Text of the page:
Clearly, I was underestimating Marimo Ragawa. Previous to Yen Press‘ publication of The Vampire and His Pleasant Companions, Ragawa’s only series available in English was the somewhat maudlin Baby & Me from Viz, so reading her works for an older audience is something of a revelation. Those Snow White Notes, serialized in a shounen magazine, follows Setsu, a young shamisen player, as he searches for his definitive sound after the death of his grandfather, the man who not only raised him, but also functioned as his mentor and master.
If this is giving you vague Kono Oto Tomare! vibes, that’s a fair comparison to make, at least at this stage. Apart from the dead grandfather plotline as a shared similarity, Setsu also seems as if he’s going to end up joining his new high school’s failing shamisen club with characters who almost certainly have counterparts in that mildly underappreciated koto series. More than that, Setsu is searching for a very specific sound in his playing, one that is both uniquely his and also honors the classical playing his grandfather was known for. As of right now, Setsu’s not sure how invested in performing or fame he is, but his devotion to his instrument is easy to see, even when he has moments of frustration with it.
The story is strongest in the first, and longest, chapter of the book. Titled “Track 0,” this not only introduces Setsu and his music but also brings them both to Tokyo, where he is rescued by Yuna, a young woman trying to make it as an actress. Since Setsu just packed up and left the family home in Aomori with barely a word to his older brother Wakana, he’s spectacularly unprepared for life in the big city – in fact, Yuna finds him on the verge of collapse because he just got off the train and started walking, ending up in Roppongi (where she’s working as a part-time hostess) after ten hours of wandering around. She’s moderately concerned at first, but when he bumps into some thugs and she notices his instrument case, she springs into action; as the girlfriend of a musician, she knows how valuable both his hands and his instrument are. After rescuing him, Yuna brings him home with her, where later he meets her nogoodnik boyfriend, the lead guitarist in a band. Despite being an ass, Taketo does form a friendship with Setsu, one that persists throughout the rest of the volume and helps to get the shamisen player on his feet, albeit via a very improbable act. Yuna leaves at the end of the chapter, which is a real shame, because she’s the strongest character in the book – she’s a firecracker who learns to stand up for herself even as she’s always willing to stand up for someone else. Her main purpose, therefore, feels like it’s downgraded from being a character in her own right to being the catalyst for Setsu and Taketo to meet. The story tries to give her a valid reason to leave, but it largely ends up feeling like the story was originally supposed to belong to Yuna and Setsu ended up taking over. Having her leave then becomes a necessity in order to keep the focus on the less dynamic Setsu, while the role of “main female character” is taken over by Setsu’s horrible mother Umeko. It is not a good trade-off.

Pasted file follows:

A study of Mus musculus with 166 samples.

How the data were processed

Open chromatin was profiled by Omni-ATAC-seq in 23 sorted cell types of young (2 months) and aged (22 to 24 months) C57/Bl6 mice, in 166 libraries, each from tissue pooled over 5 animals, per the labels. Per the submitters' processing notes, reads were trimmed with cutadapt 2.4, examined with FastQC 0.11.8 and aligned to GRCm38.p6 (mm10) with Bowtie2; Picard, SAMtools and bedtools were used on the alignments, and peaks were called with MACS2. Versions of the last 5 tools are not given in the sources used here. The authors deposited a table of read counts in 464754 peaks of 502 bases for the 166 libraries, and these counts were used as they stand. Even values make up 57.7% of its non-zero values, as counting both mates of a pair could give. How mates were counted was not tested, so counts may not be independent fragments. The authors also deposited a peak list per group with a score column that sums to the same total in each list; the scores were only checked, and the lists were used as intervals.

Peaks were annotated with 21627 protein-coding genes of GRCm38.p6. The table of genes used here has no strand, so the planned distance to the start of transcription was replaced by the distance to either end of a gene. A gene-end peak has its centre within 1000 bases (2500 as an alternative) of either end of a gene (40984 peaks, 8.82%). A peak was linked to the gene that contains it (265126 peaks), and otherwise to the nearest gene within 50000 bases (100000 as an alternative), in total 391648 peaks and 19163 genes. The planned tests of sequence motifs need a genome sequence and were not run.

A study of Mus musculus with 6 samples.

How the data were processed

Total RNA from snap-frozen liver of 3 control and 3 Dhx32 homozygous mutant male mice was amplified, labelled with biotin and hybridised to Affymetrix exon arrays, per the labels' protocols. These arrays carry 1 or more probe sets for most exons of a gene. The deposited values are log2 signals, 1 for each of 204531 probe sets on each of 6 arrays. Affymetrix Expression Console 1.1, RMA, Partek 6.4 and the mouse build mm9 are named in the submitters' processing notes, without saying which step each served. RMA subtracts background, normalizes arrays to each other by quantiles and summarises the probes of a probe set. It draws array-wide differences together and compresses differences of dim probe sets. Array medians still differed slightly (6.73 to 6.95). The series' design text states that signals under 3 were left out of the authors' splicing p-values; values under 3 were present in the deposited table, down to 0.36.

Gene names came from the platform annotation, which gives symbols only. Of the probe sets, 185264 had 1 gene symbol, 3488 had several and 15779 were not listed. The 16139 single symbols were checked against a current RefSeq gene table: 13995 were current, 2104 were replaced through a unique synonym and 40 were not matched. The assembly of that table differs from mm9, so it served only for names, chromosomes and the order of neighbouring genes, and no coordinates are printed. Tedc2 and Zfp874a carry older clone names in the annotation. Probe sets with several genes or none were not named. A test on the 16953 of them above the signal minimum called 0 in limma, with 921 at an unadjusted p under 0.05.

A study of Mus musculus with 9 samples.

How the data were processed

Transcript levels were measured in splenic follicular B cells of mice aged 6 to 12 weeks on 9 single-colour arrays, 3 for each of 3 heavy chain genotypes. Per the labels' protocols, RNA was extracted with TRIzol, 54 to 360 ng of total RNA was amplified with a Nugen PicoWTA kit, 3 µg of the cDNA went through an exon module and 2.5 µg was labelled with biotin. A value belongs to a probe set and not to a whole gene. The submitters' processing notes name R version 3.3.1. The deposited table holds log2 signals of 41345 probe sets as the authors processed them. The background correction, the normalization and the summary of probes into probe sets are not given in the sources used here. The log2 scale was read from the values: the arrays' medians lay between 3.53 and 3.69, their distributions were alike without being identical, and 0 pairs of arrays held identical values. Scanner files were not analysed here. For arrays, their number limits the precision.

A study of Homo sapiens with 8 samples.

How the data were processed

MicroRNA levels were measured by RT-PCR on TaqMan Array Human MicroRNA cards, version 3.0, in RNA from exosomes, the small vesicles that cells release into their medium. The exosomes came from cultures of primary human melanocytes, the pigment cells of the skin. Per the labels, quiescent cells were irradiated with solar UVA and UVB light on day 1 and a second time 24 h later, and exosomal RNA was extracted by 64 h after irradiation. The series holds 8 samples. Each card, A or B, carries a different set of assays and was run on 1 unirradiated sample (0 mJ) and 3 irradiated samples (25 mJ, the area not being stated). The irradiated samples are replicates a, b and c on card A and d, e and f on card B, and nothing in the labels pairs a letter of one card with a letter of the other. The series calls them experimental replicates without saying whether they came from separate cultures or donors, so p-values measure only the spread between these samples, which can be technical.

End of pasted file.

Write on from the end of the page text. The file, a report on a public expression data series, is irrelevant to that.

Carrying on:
Fortunately, Umeko’s role in the volume is of relatively short duration. Her main purpose is to show up, reveal that she’s violent and only contributes money to her sons’ upbringing, and then to make Setsu enroll in a Tokyo high school. With Setsu forced to go back to high school there are more potential characters who are not the dregs of humanity, although it should be noted that the story also takes a dive in terms of interesting plot at this point. It isn’t bad; it just isn’t as good as the opening chapter, mostly because it suddenly becomes a much more standard story. The shamisen angle is still a good one, and the gag that both Setsu and Wakana are much younger than they look gets some decent mileage, but it does feel like the story takes a nosedive in going from Yuna trying to figure out Setsu and her own life to Setsu starting a new school. The art also goes a bit downhill with the introduction of more younger characters, whose eyes are almost ludicrously large – even for manga – when compared to those who are intended to look older. Ragawa does still have a flair for page set up and when to use two-page spreads, however, so these character designs are hardly a make-or-break issue when it comes to attractiveness and readability.
Hopefully Ragawa can recapture the magic of Track 0 in volume two, because there’s a lot of potential here. While manga about music has an uphill climb for some readers, especially when dealing with an instrument and musical style unique to a culture that may not be the readers’ own, that doesn’t have to mean that the story won’t be interesting and effective. Even with the downward slide in chapters (tracks) one and two, this is still engaging and its rapidly approaching (as of this writing) anime adaptation may be able to provide manga readers with the sounds they’re missing and remedy the problem. There’s definitely more for this series than against it at this point, and I’m looking forward to continuing to be proven wrong in my earlier assumptions about Marimo Ragawa as a creator.